NATO set to launch massive Trident Juncture war games in southern Norway, air forces to fly above Arctic Europe

US Marines guarding the amphibious assault ship USS Iwo Jima in the port of Reykjavik, Iceland. (Thomas Nilsen/The Independent Barents Observer)
Land forces will mainly exercise in southern Norway, while air forces will fly above the Arctic Circle from the airports Kallax, Rovaniemi, Bodø and Andøya.

More than 50,000 soldiers from 31 countries participate when NATO’s largest military exercise in Norway since the 1980s kicks off on October 25th. It will last until November 7th.

Trident Juncture are war games where the “Northern Forces” will play against the “Southern Forces” – primarily on land in central and eastern Norway. The northern and eastern boundaries of the pre-defined exercise area is about 900 km from the border to Russia. To avoid provoking its eastern neighbour, Norway has made a tradition of keeping NATO exercises away from the Soviet/Russian border ever since it joined NATO as a founding member in 1949.

Air forces, however, will operate from airports in the north, of which Finland’s air base in Rovaniemi is some 150 kilometers from Russia’s militarized Kola Peninsula.

“In addition to Finnish aircraft, US Air Force F-15C fighters, KC-135 air-to-air refueling aircraft and Belgian F-16 fighters will also be flying from Rovaniemi,” reads a press release from Finland’s Defence Command.

The Finnish Air Force will itself participate with 9 F/A Hornet multirole fighters and approximately 160 personnel. Five of the Finnish aircraft will fly from Ørland air base in western Norway, while four will fly from Rovaniemi air base.

A Swedish Gripen fighter jet and the Nordic flags. (Thomas Nilsen/The Independent Barents Observer)

Additionally, 2,400 personnel from Finland will train during Trident Juncture. That includes an infantry company, an amphibious task force, naval and coastal troops in addition to the air force.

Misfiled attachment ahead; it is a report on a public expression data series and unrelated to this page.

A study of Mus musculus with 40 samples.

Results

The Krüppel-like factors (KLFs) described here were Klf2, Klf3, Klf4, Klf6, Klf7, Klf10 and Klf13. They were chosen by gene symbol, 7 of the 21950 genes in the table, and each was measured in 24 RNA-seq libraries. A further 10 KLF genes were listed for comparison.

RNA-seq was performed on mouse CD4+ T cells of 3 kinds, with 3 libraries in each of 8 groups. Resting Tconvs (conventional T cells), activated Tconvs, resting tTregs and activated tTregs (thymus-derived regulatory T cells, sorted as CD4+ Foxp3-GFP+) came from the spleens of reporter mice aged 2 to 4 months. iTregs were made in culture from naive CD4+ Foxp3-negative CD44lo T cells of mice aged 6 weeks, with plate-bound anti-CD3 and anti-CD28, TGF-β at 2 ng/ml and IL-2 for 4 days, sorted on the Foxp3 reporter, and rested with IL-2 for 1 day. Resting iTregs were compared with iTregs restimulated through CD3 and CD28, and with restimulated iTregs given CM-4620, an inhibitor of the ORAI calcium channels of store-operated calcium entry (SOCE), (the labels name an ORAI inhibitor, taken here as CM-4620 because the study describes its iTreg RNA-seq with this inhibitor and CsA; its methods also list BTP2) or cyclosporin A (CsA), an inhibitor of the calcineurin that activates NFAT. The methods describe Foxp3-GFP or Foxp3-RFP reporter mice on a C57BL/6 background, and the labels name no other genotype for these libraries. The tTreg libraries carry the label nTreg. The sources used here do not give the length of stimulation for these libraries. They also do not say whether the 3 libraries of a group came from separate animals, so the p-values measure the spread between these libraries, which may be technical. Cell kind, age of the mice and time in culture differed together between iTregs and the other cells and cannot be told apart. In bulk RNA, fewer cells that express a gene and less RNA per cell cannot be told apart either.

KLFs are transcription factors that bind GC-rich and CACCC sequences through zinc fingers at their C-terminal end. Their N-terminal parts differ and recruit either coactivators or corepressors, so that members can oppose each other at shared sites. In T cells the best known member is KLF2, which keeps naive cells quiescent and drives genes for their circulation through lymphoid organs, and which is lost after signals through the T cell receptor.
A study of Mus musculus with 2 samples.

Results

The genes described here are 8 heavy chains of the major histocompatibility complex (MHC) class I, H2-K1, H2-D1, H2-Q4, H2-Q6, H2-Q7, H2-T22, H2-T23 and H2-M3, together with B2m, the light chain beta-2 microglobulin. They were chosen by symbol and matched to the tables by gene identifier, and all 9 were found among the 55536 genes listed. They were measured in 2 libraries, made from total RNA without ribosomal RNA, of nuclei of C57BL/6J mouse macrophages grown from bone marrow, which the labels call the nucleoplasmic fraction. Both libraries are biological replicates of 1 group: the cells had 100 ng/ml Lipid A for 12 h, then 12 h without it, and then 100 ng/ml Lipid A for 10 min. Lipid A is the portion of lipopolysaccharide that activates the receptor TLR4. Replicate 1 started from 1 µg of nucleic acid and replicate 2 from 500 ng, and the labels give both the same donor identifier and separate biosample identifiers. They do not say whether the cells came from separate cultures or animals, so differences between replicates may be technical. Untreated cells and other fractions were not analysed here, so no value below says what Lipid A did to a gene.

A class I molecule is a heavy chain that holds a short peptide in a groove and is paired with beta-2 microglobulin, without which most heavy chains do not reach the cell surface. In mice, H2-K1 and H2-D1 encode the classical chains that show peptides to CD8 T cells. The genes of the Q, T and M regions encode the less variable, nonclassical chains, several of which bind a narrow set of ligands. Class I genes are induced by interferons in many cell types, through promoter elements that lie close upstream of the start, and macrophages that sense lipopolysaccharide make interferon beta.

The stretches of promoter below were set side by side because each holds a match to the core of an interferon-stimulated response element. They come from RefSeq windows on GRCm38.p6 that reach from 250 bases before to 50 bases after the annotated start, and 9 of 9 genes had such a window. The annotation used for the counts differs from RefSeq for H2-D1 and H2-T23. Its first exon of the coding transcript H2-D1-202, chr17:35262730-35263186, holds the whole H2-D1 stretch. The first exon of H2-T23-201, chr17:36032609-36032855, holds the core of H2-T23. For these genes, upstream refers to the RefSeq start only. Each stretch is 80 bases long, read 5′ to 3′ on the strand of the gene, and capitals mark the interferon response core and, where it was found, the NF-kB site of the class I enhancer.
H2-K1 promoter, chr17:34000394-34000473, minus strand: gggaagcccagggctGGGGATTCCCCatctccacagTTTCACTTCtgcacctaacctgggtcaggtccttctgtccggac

From Kallax air base (Luleå) in northern Sweden, U.S. Air Force F-16 fighters will operate. Sweden’s participation in Trident Juncture consists of about 2,200 soldiers, of which 100 belong to the air force.

In northern Norway, planes will operate from both Bodø and Andøya air bases north of the Arctic Circle as well as Ørland and Gardermoen (near Oslo) airports. The Norwegian armed forces write in an information bulletin that air forces will support the land forces in the field exercise area.

Sweden and Finland are the only two non-NATO countries of the 31 participating.

Scandinavia breaking away from neutrality doctrine, says former Swedish PM
Carl Bildt, former Swedish Prime minister and Foreign minister. (Thomas Nilsen/The Independent Barents Observer)

In recent years both Finland and Sweden have moved closer to NATO in the sphere of operational military cooperation. Commenting on the NATO exercise, Sweden’s Carl Bildt writes in an opinion editorial for Project Syndicate that “with no time to waste, Scandinavia is finally breaking fully with the Cold-War era doctrine of neutrality, and embracing a more prudent and proactive defense policy.”

Bildt was Foreign Minister from 2006 to 2014 and Prime Minister from 1991 to 1994.

He says Sweden will continue to move closer to NATO. “Joint exercises will lead to deeper operational alignment and the establishment of common deterrence capabilities for all of Northern Europe and the Baltic Sea.”

Part of the maritime activities during Trident Juncture take place in Skagerrak (south of Norway) and the Baltic Sea. Finland leads the Baltic Sea naval exercise part, while a Swedish-led brigade, also including Finnish soldiers, joins the on-land war games in Norway.

Finnish Defence minister Jussi Niinistö (left) and his Norwegian counterpart Frank Bakke-Jensen. (Thomas Nilsen/The Independent Barents Observer)

Interviewed by the Barents Observer earlier this autumn, Finland’s Defense Minister Jussi Niinistö praised Nordic military cooperation and said the security situation in Europe has changed after Russia’s annexation of Crimea. But like the Norwegian Defense Minister, Niinistö doesn’t feel any direct military threat from Russia either.

Related stories from around the North:

Canada: Canadian military to build multi-million dollar facility in Northern city, CBC News

Finland: Russia “would see enemies” if Finland joined NATO, president Niinistö tells German paper, Yle News

Norway: U.S. and Russian bombers test airspace over European Arctic, The Independent Barents Observer

Russia: Russia holds anti-submarine drill in Arctic ahead of large NATO exercise in Norway, The Independent Barents Observer

Sweden: Major deal between Sweden’s Saab and U.S. Air Force a “sign of closer transatlantic ties”, says defence expert, Radio Sweden

United Kingdom: UK announces new Arctic defence strategy, but who’s the intended audience?, Eye on the Arctic feature interview

United States: New symposium brings U.S. military’s attention to the Arctic, Alaska Public Media

Thomas Nilsen, The Independent Barents Observer

For more news from the Barents region visit The Independent Barents Observer.